UNITED STATES—“That was quite something getting through your vestibule,” said Father Daniel. “We were goosed by mist from the sides.”
“I think there was some ultra-violet radiation,” said Rabbi Goldwyn.
“I call it the Lysol room,” drawled Rhett from the purple divan. “It is the sanitizing gateway to the movie star’s faded palace. Did I ever tell you about my sister Candace. She didn’t like her name and she had it legally changed to Lysol because she wanted to be a household name.”
The ecclesiastic team proffered anemic chuckles.
“There must be a joke in here somewhere. A rabbi and a priest walk into a bar. . .”
Rhett was met by mute perplexity. The usually tone-deaf Rhett faced feral defeat and admitted, “In the ‘80s we had a different sense of humor.”
“A simpler time,” said Father Daniel. “A shallower time,” chimed in Rabbi Goldwyn. They looked around. All that needed to be said had been said. Eliza, the hapless personal assistant, took advantage of this lull to appreciate the rich panorama of smog in cumulative veils that merged into a milky haze looking down the steep slope to the swimming pool perched on the heights of Mount Olympus.
The clergymen shifted weight on the balls of their feet. Rabbi Goldwyn reminded himself to stand straighter.
Rhett Spoke: “I brung yall here, not because I want to inflect my lame jokes or hold you hostage. I want you to give me the last rites.”
“Now Rhett, what are you talking about?” chirped Eliza. “There’s plenty of life in you yet.”
“Ask that housekeeper who has that paternity suit pending?” Father Daniel murmured and lowered his chin to where his surplice would usually come.
Rhett spoke loud and clear, “I’m hedging my bets by having both representatives of the Judeo-Christian Western tradition.”
“You left out Buddha and humanism. . .” pointed out the rabbi.
“Budda is represented, I figger. Now you see him, zen you don’t. . .“I’ve got a lot on my plate,” Rhett said. “There’re considering me for the lead on a remake of the Wild Bunch. . . And all my resources have got to go to preparation. My trainer, horse-riding lessons. This is my breakthrough in a neo-Western. Every cent I need for my comeback. I won’t be extorted by the geriatric bomb.”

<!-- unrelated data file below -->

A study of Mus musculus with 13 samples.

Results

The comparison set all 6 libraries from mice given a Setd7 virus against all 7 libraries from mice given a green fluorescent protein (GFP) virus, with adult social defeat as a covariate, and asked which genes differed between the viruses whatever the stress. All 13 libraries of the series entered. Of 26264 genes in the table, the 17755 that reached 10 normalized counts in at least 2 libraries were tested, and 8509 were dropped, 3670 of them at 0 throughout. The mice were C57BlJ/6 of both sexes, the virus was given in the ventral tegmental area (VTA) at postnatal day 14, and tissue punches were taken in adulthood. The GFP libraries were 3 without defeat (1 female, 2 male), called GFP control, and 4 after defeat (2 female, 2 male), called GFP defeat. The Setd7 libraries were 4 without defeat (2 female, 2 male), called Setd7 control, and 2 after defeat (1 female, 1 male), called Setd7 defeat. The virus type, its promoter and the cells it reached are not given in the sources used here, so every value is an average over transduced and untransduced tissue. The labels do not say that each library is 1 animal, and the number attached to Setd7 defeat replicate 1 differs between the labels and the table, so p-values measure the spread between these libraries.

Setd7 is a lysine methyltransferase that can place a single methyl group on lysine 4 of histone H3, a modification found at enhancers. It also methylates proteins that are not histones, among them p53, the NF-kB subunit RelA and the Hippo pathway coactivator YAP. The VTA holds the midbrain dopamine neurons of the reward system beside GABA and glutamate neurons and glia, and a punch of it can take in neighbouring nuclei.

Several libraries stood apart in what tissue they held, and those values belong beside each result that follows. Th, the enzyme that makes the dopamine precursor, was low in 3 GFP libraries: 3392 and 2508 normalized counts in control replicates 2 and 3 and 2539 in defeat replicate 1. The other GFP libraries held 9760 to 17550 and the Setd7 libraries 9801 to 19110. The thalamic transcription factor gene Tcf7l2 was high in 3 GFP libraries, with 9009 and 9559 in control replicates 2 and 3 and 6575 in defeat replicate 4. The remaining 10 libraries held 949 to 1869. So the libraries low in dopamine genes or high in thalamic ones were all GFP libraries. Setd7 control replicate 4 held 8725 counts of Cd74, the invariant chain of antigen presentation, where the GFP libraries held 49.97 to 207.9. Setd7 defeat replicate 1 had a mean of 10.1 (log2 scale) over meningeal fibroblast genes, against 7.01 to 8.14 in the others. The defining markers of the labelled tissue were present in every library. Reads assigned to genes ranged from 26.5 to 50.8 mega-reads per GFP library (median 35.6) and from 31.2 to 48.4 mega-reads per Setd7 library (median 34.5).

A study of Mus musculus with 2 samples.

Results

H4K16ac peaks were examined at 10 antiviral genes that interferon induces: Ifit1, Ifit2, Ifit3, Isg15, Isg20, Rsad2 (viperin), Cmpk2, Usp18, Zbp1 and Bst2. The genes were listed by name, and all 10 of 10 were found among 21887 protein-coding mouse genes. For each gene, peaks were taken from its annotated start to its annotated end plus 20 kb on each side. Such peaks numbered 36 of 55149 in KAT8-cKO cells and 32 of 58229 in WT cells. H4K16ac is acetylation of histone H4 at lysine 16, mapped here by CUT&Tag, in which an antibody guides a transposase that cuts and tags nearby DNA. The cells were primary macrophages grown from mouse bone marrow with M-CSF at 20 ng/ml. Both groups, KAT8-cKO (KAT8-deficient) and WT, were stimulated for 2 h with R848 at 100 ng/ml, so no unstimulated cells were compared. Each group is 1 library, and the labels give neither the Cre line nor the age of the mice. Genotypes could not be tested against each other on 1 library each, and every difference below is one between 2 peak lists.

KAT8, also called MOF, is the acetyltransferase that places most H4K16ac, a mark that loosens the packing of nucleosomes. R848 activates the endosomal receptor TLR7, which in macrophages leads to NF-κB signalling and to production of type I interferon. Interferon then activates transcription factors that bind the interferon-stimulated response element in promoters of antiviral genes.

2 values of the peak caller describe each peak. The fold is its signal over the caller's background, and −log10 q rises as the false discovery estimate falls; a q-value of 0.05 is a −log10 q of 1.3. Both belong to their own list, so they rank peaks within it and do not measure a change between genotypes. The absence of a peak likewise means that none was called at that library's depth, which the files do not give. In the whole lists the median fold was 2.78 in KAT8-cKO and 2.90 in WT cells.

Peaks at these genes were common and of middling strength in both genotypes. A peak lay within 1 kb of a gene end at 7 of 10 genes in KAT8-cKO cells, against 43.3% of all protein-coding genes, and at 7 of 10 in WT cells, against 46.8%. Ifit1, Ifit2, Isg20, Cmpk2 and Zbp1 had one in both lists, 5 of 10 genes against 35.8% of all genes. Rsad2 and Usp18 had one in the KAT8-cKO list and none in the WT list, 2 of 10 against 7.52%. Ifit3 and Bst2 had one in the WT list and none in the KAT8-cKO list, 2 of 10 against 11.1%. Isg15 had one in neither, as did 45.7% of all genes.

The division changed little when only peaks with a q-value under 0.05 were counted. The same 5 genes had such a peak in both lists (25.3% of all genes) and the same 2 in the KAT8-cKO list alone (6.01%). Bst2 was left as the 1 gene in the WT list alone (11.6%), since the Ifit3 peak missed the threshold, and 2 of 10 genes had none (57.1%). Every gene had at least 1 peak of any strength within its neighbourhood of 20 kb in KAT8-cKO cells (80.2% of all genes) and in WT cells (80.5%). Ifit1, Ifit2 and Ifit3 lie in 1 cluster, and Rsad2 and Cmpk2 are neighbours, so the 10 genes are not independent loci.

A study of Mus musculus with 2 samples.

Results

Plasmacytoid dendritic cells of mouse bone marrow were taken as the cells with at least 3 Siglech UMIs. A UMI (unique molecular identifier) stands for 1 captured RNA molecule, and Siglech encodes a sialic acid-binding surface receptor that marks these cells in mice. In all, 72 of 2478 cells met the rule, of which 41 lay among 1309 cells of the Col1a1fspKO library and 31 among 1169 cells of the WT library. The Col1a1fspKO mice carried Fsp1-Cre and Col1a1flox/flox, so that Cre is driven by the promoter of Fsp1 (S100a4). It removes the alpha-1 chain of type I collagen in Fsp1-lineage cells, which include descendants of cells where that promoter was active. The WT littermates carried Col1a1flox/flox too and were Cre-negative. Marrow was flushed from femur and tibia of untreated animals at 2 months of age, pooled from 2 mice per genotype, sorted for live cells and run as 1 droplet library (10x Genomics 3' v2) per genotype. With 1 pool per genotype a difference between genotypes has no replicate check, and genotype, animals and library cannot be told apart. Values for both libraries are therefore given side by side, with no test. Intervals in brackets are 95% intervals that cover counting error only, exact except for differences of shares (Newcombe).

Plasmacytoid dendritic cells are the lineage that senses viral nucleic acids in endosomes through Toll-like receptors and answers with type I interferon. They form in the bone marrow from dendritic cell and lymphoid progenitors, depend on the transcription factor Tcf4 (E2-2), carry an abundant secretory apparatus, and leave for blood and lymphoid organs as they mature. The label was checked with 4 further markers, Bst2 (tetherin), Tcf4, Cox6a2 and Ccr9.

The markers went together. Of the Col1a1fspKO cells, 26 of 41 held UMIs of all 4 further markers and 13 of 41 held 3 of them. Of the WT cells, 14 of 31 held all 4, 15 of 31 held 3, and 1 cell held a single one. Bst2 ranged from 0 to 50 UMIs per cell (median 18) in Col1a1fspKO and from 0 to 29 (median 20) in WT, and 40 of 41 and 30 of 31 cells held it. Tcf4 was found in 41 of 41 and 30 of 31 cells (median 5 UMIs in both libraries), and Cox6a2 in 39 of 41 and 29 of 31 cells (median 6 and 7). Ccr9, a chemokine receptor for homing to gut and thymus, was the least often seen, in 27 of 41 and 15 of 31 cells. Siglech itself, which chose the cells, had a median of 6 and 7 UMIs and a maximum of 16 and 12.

He was gooey eyed. Must have been smoking a blunt, thought Father Daniel.
“What’s this Geriatric Bomb?” asked Rabbi Goldwyn.
“It was the sunglassed wearing masked terrorists of F.A.K.E. were getting talking head time on one of the cable networks. Don’t you know what’s happening?” Rhett screeched. “No wonder you come in all relaxed. . . Like everything’s normal.”
On the middle big-screen TV in Rhett’s living room, the distinguished anchorman cliché played by the acting friend of Roger, Eliza’s accomplice in this elaborate extortion scheme, broke in with a headline, BREAKING NEWS, the live feed:
“We are going to detonate a new and improved geriatric bomb at midnight tonight if our demands are not met. You stars must listen to us and fulfill our demands for meals for the homeless. We wish no danger on the public. Those of you in close proximity to Julia Roberts, George Clooney, Al Pacino or Rhett Thornton will be in harm’s way. By midnight we expect to receive from each one of the aforementioned celebrities two million dollars cash to be sent to an offshore account.”
“No way,” groaned Rhett. “They can all go fly a kite. . . The heck with them, the sick, greedy, distorted dogs.
Rabbi Goldwyn bit his tongue: there was something fishy about Rhett in the company of A-listers like Julia Roberts and Pacino.
Eliza went to the powder room and pronto got Roger on the phone:
“We’re in trouble, Roger. Rhett doesn’t want to budge.”
“And we’ve got something else we didn’t count on: a priest and rabbi in the house. Evidently Rhett got upset and wants final rights.”
To be continued. . .
Grady Miller lives in Hollywood. He is the author of “The Havana Brotherhood,” stories from Latin American.